Changes to EU drivers’ hours and tachograph rules

EU rules on drivers’ hours and tachographs have changed, with the new guidelines that came into force on 20th August 2020. The Department for Transport (DfT) announced the changes earlier this month. The rules now include:

A requirement for drivers to ‘return home’ every four weeks

Drivers must return to either their employer’s operational centre or to their own home, for at least one of their regular weekly rest periods within each consecutive four-week period. Operators must also “document how it fulfils that obligation, and keep the documentation at its premises in order to present it at the request of control authorities”.

A ban on taking regular weekly rest periods in the driver’s vehicle

Drivers’ regular weekly rest periods  – or any weekly rest period of more than 45 hours – shouldn’t be taken in the vehicle, but instead in “suitable gender-friendly accommodation with adequate sleeping and sanitary facilities”, with any accommodation costs to be covered by the employer.

A new definition of ‘non-commercial carriage’

A non-commercial carriage is now defined as “any carriage by road, other than carriage for hire or reward or on own account, for which no direct or indirect remuneration is received and which does not directly or indirectly generate any income for the driver of the vehicle or for others, and which is not linked to professional or commercial activity”.

More flexibility on the scheduling of the rest periods for some drivers on international carriage of goods

Within every fortnight (two consecutive weeks), drivers must take either two regular weekly rest periods, or one regular weekly rest period AND one ‘reduced’ (a minimum of 24 hours) weekly rest period. Those rest periods must be at least six days apart.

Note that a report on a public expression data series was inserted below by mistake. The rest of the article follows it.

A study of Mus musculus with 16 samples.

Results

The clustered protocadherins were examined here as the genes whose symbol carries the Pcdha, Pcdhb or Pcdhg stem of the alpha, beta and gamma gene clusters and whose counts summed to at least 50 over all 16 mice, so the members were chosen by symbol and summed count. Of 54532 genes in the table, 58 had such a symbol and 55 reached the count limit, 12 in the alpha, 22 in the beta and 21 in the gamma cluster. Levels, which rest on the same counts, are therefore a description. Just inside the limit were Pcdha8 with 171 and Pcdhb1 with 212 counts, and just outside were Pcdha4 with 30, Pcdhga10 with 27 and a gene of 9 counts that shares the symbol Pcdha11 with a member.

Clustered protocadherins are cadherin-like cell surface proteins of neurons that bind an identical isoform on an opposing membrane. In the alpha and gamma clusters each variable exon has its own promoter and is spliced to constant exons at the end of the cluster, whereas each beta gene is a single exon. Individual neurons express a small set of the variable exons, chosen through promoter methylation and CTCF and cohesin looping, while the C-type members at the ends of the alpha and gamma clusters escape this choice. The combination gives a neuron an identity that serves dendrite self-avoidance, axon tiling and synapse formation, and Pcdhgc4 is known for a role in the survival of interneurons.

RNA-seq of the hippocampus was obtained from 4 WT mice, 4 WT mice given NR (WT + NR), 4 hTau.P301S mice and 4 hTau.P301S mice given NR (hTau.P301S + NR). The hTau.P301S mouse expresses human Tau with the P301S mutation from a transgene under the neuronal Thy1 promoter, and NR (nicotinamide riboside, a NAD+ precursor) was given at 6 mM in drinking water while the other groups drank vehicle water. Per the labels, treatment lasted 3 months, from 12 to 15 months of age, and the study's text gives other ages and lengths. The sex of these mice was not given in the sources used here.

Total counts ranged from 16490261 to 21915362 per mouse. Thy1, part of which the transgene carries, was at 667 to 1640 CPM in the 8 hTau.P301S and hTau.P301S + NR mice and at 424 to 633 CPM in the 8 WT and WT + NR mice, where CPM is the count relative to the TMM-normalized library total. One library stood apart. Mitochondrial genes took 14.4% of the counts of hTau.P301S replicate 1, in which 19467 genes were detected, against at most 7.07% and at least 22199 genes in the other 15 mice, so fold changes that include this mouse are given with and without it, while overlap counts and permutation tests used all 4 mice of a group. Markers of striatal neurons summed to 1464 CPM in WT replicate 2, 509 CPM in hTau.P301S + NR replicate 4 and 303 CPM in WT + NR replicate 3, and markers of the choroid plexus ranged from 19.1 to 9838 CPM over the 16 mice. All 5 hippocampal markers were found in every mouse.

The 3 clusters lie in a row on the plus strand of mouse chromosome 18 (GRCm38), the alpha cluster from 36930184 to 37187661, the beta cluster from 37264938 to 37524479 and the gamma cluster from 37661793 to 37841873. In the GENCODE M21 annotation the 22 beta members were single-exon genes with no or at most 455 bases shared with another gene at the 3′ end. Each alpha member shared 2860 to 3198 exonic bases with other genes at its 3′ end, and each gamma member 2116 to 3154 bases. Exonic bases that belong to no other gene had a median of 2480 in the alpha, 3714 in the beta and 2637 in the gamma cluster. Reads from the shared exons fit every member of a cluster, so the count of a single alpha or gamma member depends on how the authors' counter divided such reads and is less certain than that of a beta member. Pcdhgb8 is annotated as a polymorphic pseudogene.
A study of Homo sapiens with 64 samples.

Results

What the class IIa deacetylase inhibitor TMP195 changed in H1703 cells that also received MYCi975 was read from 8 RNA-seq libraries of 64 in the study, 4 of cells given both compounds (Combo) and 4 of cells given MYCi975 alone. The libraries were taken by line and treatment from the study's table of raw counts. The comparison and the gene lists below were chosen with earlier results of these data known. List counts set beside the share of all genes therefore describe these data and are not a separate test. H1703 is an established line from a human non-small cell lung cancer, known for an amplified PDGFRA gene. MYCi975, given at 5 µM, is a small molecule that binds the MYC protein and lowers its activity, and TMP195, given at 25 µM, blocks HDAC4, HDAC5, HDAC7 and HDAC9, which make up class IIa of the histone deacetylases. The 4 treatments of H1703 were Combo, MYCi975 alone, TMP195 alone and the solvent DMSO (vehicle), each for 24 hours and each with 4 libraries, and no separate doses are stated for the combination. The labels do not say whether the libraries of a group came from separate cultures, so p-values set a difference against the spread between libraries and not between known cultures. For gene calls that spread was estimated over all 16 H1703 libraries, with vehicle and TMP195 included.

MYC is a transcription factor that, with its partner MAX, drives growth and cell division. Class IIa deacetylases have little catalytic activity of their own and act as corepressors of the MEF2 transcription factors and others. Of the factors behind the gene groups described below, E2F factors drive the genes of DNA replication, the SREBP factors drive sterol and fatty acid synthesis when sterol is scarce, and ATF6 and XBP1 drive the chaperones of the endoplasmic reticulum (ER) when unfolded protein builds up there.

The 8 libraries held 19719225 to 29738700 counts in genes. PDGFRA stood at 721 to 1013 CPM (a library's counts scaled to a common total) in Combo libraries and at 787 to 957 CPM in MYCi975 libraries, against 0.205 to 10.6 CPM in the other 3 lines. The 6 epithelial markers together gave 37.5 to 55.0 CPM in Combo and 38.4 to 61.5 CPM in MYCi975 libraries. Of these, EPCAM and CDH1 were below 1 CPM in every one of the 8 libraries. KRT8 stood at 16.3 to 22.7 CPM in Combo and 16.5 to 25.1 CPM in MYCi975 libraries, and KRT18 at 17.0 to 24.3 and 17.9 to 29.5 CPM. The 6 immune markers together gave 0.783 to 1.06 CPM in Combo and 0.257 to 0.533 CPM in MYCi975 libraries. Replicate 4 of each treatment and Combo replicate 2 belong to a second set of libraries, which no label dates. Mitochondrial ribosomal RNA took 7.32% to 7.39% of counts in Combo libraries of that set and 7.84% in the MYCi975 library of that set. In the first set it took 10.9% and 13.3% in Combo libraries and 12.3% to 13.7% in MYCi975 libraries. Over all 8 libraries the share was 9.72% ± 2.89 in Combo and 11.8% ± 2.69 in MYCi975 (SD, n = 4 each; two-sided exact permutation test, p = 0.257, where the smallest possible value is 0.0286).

When drivers are outside of their home country, they may take two consecutive reduced breaks, as long as they take at least four weekly breaks within any consecutive four-week period, with at least two of those being regular weekly rest periods.

Additionally, reduced weekly rest periods must be compensated for within three weeks, by adding an equivalent amount of rest immediately before the next regular rest period.

New provisions for rests and breaks for drivers when journeys involve transport by ferry or by rail

Sometimes drivers’ weekly rest periods are taken when their vehicle is being transported by ferry or train. In those cases, there should be no more than two brief interruptions to the rest period (not exceeding an hour total). In these cases, the driver must also have access to a sleeper cabin, bunk or couchette.

Regular weekly rest periods can only apply to ferry or train journeys over eight hours total, and where the driver has access to a sleeper cabin.

A new requirement to keep a full record of all other work

Drivers must now keep a record of ‘other’ work completed, besides regular driving: “This record shall be entered either manually on a record sheet or printout or by use of manual input facilities on recording equipment”.

Stream Check helps you to maintain compliance with drivers’ hours rules by making it easy to keep secure, cloud-based records.

Stream also integrates with Teletrac Navman for tachograph and driver tracking.